The automotive industry is often taken to be an indicator of how the wider British economy is performing and what its prospects are for the coming quarters. That’s no surprise perhaps given that the industry employs more than 180,000 people, contributes close to £20 billion to the Treasury on an annual basis and accounts for roughly 12 per cent of all exports heading out of the UK.

But the travails of the sector in recent months and years have been well documented. According to figures from the Society of Motor Manufacturers and Traders (SMMT), there were declines in new car registrations of 5 per cent in 2017 and 6 per cent in 2018. Signs so far this year are that 2019 will see another fall in new car registrations, with challenging operating conditions continuing for car companies, both manufacturers and retailers, across the country.

Part of the problem for automotive companies is that they’ve seen a sharp decline in demand for diesel-powered vehicles, with consumers increasingly inclined to seek out potentially more eco-friendly alternatives. Only a few years ago, diesel cars made up roughly 50 per cent of the UK market but that share has fallen significantly and diesels now only account for around a third of the nationwide market for new vehicles. Scandals relating to emissions testing and tougher regulations on the eco credentials of diesel cars have also contributed to their quite precipitous decline in popularity.

Meanwhile, car companies based in the UK have been faced with very significant uncertainty as a result of Brexit and the political wrangling over Britain’s departure from the EU. Carmakers rely to such an extent on their complex and often multi-national supply chains that they have been struggling to protect their operations and their finances from the impact of Brexit and particularly from the threat of a No Deal Brexit.

As Mike Hawes, chief executive of the SMMT has said: “It’s still hard to see any upside to Brexit. Everyone recognises that Brexit is an existential threat to the UK automotive industry, and we hope a practical solution will prevail.”

“Demand for environmentally-friendly vehicles is growing fast and this is creating dynamics that mean - perhaps more than ever - those automotive companies that can innovate quickly and effectively will be those best placed to succeed in the current market.”

Red Flag Alert

In the meantime, while solutions are sought by politicians and diplomats in relation to Brexit, the latest figures from Begbies Traynor’s ‘Red Flag Alert’ report show that there were some 484,000 businesses facing ‘significant financial distress’ in the UK during the first quarter of 2019. That number represents a 2 per cent increase from the same period in 2018 and 16 per cent of all British businesses.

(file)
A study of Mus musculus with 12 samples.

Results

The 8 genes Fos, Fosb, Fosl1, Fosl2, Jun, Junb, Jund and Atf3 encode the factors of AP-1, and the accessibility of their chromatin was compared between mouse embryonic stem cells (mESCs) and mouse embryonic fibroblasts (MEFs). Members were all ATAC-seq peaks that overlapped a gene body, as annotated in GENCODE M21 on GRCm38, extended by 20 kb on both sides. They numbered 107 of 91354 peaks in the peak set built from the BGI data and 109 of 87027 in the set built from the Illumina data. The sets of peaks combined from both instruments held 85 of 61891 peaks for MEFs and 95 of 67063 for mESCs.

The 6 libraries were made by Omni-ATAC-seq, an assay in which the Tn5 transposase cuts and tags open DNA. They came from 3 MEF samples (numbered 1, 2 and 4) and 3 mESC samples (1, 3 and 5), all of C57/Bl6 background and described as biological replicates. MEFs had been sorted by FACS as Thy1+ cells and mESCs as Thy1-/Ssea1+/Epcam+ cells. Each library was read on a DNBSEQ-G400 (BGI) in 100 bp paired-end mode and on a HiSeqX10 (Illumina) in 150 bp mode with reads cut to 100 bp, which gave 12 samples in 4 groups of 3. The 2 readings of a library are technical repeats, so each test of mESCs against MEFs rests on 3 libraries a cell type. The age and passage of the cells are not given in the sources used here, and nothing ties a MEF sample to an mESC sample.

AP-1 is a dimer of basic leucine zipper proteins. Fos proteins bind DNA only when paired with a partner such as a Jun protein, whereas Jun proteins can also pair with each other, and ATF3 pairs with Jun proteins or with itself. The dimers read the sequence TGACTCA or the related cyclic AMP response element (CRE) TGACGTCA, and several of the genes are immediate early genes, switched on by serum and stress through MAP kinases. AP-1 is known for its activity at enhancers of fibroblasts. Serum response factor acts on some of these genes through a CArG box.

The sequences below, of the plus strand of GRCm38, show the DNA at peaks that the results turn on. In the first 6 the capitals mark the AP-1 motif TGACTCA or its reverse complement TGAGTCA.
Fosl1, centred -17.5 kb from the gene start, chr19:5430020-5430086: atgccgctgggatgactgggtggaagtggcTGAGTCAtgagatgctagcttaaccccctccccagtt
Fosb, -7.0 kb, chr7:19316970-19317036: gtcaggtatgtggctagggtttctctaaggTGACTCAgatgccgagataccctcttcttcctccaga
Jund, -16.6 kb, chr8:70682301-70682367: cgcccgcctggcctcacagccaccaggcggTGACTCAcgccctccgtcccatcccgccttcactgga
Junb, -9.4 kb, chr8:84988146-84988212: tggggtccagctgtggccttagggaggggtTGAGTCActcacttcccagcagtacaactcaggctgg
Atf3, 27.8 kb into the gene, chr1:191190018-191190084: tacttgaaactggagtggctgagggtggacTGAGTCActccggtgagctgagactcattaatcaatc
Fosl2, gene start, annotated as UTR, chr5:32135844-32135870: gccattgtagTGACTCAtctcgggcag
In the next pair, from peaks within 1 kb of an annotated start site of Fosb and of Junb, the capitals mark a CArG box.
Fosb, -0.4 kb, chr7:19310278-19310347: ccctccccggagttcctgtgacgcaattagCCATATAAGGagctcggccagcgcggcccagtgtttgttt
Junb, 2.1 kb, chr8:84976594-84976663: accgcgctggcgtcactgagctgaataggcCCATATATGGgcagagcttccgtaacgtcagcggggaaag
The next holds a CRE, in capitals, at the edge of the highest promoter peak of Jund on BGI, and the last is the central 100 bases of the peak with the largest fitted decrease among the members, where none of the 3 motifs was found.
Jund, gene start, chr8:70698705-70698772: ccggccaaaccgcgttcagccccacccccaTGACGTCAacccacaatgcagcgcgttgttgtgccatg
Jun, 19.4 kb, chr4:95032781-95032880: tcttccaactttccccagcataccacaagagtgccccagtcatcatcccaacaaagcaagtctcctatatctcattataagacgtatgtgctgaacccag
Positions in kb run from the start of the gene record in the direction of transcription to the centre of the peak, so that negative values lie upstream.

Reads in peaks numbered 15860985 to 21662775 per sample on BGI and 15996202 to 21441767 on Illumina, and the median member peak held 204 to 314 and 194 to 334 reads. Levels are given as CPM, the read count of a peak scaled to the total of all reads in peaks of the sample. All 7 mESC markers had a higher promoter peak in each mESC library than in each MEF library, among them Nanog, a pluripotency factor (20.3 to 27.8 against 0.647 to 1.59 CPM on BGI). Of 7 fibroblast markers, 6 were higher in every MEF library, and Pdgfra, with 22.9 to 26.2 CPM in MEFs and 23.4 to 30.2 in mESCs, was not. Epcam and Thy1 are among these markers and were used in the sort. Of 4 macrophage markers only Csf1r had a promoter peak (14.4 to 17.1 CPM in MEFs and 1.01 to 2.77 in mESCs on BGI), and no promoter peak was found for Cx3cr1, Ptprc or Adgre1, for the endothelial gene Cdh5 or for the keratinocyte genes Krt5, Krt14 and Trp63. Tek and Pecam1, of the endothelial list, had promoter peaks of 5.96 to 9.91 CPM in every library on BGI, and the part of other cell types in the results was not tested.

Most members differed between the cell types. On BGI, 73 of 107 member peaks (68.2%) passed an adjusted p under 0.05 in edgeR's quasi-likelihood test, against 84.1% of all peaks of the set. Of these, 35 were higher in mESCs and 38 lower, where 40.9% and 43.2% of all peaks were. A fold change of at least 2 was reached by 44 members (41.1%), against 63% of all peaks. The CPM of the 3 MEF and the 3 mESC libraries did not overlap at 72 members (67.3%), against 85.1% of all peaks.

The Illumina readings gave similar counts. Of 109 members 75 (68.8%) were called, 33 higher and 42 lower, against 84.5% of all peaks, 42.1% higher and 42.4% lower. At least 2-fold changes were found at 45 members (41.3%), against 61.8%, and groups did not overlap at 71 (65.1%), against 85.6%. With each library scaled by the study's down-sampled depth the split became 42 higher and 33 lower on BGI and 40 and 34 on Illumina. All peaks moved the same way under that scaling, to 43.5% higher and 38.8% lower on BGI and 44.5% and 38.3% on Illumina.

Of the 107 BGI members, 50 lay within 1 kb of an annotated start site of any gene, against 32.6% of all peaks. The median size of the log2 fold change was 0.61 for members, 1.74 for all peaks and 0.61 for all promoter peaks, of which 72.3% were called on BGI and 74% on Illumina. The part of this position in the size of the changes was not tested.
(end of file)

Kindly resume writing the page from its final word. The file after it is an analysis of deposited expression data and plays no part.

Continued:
Within the automotive sector, there was a 12 per cent increase in significant financial distress among companies connected to the sale of used cars and light vehicles. Meanwhile, sellers of new cars saw a 4 per cent increase in financial difficulty, which equates to several thousand businesses operating within the sector having serious cash flow concerns.

However, there remains cause for optimism within the industry, according to Julie Palmer from RBR Advisory, who says:

“Demand for environmentally-friendly vehicles is growing fast and this is creating dynamics that mean - perhaps more than ever - those automotive companies that can innovate quickly and effectively will be those best placed to succeed in the current market.

Both commercially and scientifically, the automotive industry is ready for change, and pioneering brands and businesses will be rewarded for their boldness, while those that fail to adapt could well be left behind and find themselves struggling to compete.

More than two million electric vehicles were sold across the world during 2018, led by innovators like Tesla. But, increasingly, much bigger car companies and vehicle making giants like Honda, Toyota and GM are responding to the demand for less environmentally damaging products, with investments in the space reflecting changes of emphasis.

This trend towards new types of vehicles represent a positive and optimistic route forward for vehicle makers and for automotive operators more broadly. The demand for ‘greener’ modes of transport is clearly there from consumers and the revolution in these contexts is already well under way. What remains to be seen, however, is which companies in the automotive sector will succeed in getting ahead of their rivals and staying there, and who will be left behind as the industry transitions towards greener solutions and moves towards new horizons.”